Optimal Doses of Specific Antipsychotics for Relapse Prevention in a Nationwide Cohort of Patients With Schizophrenia

Heidi Taipale; Antti Tanskanen; Jurjen J. Luykx; Marco Solmi; Stefan Leucht; Christoph U. Correll; Jari Tiihonen

Disclosures

Schizophr Bull. 2022;48(4):774-784. 

In This Article

Statistical Analyses

The fifteen most common antipsychotic monotherapies were analyzed on drug and dose category levels. Time periods of specific dose categories were compared with time periods of nonuse of any antipsychotics for relapse risk. In sensitivity analyses, the reference was the most commonly used drug and dose category, being oral olanzapine >1.6 DDDs/day in this cohort (most common in terms of both the number of users and person-years of use). In addition, sensitivity analyses where doses of each specific antipsychotic were compared with standard dose of that antipsychotic.

To reduce chances of confounding by indication, the main analyses were conducted in a within-individual design where all comparisons are conducted within the same individual, ie, each individual acts as his or her own control in a stratified Cox model.[12] Time was reset to zero after each relapse. The impact of time-invariant factors, such as genetics and initial severity of the illness, are eliminated by the design, and we adjusted for time-varying factors, which were time since cohort entry, temporal order of specific antipsychotics, and use of antidepressants, mood stabilizers, benzodiazepines, and related drugs. Sensitivity analyses were conducted by censoring the first 30 days from all dose categories, as the full therapeutic effect is usually not reached immediately, especially when the dose has to be titrated up slowly. In these analyses, censoring was equally applied to nonuse periods. Sensitivity analyses also included analyses stratified by baseline age (≤45 vs >45 years), schizoaffective diagnoses (where schizoaffective disorder was defined as ICD-10 F25 and schizophrenia F20), and among first-episode patients.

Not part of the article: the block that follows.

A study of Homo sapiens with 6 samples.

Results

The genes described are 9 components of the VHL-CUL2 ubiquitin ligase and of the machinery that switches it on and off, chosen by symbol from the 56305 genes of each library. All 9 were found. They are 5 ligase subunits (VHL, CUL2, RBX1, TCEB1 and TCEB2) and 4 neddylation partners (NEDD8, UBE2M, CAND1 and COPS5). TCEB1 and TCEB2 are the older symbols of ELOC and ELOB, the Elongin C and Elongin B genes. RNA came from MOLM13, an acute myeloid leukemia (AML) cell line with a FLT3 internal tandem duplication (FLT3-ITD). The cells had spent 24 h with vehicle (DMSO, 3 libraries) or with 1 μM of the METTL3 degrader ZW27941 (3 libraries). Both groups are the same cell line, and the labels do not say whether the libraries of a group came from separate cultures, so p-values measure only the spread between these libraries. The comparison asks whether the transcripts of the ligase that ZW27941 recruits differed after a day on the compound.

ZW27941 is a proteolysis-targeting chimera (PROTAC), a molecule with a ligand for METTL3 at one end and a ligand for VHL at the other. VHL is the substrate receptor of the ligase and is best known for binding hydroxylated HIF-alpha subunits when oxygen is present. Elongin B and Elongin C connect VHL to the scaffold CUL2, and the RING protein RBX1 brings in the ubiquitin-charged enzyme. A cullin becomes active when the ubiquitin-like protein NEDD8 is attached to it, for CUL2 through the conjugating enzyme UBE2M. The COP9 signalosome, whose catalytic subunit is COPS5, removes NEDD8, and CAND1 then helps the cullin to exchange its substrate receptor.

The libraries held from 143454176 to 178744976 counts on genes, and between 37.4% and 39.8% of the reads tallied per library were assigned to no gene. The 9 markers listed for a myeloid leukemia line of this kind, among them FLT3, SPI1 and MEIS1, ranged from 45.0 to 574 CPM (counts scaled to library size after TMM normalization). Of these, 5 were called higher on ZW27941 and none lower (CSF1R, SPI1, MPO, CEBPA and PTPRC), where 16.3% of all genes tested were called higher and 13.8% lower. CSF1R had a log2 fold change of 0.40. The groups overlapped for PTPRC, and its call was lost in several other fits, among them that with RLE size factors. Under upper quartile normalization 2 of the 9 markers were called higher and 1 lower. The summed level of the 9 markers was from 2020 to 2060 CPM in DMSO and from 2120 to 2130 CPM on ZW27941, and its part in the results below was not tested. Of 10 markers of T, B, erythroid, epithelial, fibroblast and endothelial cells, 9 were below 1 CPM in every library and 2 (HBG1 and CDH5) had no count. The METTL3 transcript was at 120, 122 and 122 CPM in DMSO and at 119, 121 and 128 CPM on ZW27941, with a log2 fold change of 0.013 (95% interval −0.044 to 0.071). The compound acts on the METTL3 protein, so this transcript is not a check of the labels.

As only persons with variation in exposure and outcome event (relapse) contribute to the within-individual comparisons, also traditional between-individual Cox models including all patients were conducted. Between-individual models were adjusted for age, sex, temporal order of treatment, previous number of psychiatric rehospitalizations, calendar year, use of antidepressants, benzodiazepines, and related drugs, anticholinergic antiparkinson drugs and statins, diagnosis of cardiovascular disease, diabetes, cancer, asthma/COPD, substance abuse, suicide attempt, liver disease, and renal disease. The results are reported as adjusted HRs (aHRs) with 95% confidence intervals (CIs). The significance of differences between aHRs was tested by comparing two hazard ratios from their betas and standard errors as computed by a Cox model, and tested by Student t test for dependent samples (R-package survcomp, function hr.comp, version 1.44).

Permissions for this study were granted by pertinent institutional authorities at the National Institute for Health and Welfare of Finland, The Social Insurance Institution of Finland, and Statistics Finland. The funders of the study had no role in study design, data collection, data analysis, data interpretation, or writing of the report.